Indigenizing curriculum takes many guises
By Diane Luckow
When students enroll in criminology professor Brenda Morrison’s courses, they quickly discover that much of the teaching occurs in a talking circle. The circle is a traditional Indigenous symbol, and the talking circle is a practice that represents how Aboriginal peoples view the natural world, and what we can learn from it.
“I run all of my senior seminars in circle,” says Morrison, “because they never end, and learning never ends, and reconciliation never ends.”
As well, she sometimes begins classes with a traditional drumming session.
Morrison’s use of the Indigenous circle and traditional drumming are just two examples of the myriad ways in which SFU professors and instructors are beginning to indigenize their curriculum and pedagogical practices.
William Lindsay, former director of the Office for Aboriginal Peoples, is now helping to shepherd this work as part of his new role as special advisor on Aboriginal affairs, working with SFU’s vice-president, academic and the vice-president, external relations.
Ensuring all SFU grads learn about Canada's Aboriginal peoples and their history
“The goal of indigenizing the curriculum,” he says, “is to ensure all future SFU grads have some experience and knowledge of the Aboriginal peoples of Canada.”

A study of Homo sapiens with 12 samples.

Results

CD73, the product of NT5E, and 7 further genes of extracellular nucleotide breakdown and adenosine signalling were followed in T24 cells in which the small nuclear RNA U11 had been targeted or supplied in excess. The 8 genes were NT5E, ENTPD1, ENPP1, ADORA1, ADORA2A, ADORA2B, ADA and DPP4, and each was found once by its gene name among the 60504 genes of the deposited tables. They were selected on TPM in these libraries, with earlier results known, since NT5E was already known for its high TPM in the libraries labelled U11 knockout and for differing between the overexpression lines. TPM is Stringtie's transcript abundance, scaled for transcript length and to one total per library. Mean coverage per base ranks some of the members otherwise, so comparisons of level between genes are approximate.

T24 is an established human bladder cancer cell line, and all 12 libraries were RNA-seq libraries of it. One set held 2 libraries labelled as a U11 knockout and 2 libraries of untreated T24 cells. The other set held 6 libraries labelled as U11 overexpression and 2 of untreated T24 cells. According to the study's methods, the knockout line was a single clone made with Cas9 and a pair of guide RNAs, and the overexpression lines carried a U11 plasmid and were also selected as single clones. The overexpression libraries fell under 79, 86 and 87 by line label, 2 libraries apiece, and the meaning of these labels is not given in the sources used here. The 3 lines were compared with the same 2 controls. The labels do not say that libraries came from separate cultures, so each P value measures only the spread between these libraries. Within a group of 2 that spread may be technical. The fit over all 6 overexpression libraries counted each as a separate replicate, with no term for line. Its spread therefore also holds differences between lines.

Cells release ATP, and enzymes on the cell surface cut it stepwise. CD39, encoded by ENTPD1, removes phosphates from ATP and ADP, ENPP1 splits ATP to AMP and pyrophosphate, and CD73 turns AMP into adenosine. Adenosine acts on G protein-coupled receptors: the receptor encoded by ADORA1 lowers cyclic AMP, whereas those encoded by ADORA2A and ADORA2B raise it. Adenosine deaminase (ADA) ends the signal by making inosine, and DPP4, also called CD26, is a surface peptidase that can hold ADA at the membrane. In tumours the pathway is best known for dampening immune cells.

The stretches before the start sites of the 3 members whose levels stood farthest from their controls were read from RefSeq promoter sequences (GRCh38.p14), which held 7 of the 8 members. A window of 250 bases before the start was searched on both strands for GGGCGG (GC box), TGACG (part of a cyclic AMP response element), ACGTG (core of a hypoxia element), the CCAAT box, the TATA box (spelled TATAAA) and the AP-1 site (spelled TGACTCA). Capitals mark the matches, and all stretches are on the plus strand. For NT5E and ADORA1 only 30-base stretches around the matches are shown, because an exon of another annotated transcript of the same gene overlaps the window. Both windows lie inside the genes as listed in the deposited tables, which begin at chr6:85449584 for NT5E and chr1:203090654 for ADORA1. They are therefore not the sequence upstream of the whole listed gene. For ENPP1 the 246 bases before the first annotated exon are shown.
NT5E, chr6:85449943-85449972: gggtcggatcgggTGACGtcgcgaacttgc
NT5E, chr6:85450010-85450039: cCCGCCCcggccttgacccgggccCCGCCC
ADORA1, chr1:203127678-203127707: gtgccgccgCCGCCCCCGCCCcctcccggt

How that occurs is still to be decided, he says. There are many options for indigenizing curriculum. These range from the possibility of a compulsory course in Aboriginal peoples, to adopting Indigenous practices in some courses, as Morrison has done, to including Aboriginal experts as speakers, or working with Aboriginal people to incorporate Aboriginal teachings or culture as part of courses.
Lindsay is currently developing an online tutorial to familiarize faculty and staff with Aboriginal issues relating to colonialism, residential schools, and reconciliation.
The tutorial, “In the Context of Colonialism: The Indian Act, The Residential School System and Reconciliation—A Primer,” will be available online.
Says Lindsay, “It will be one of the options for teaching about the Aboriginal peoples of this country and their experiences.”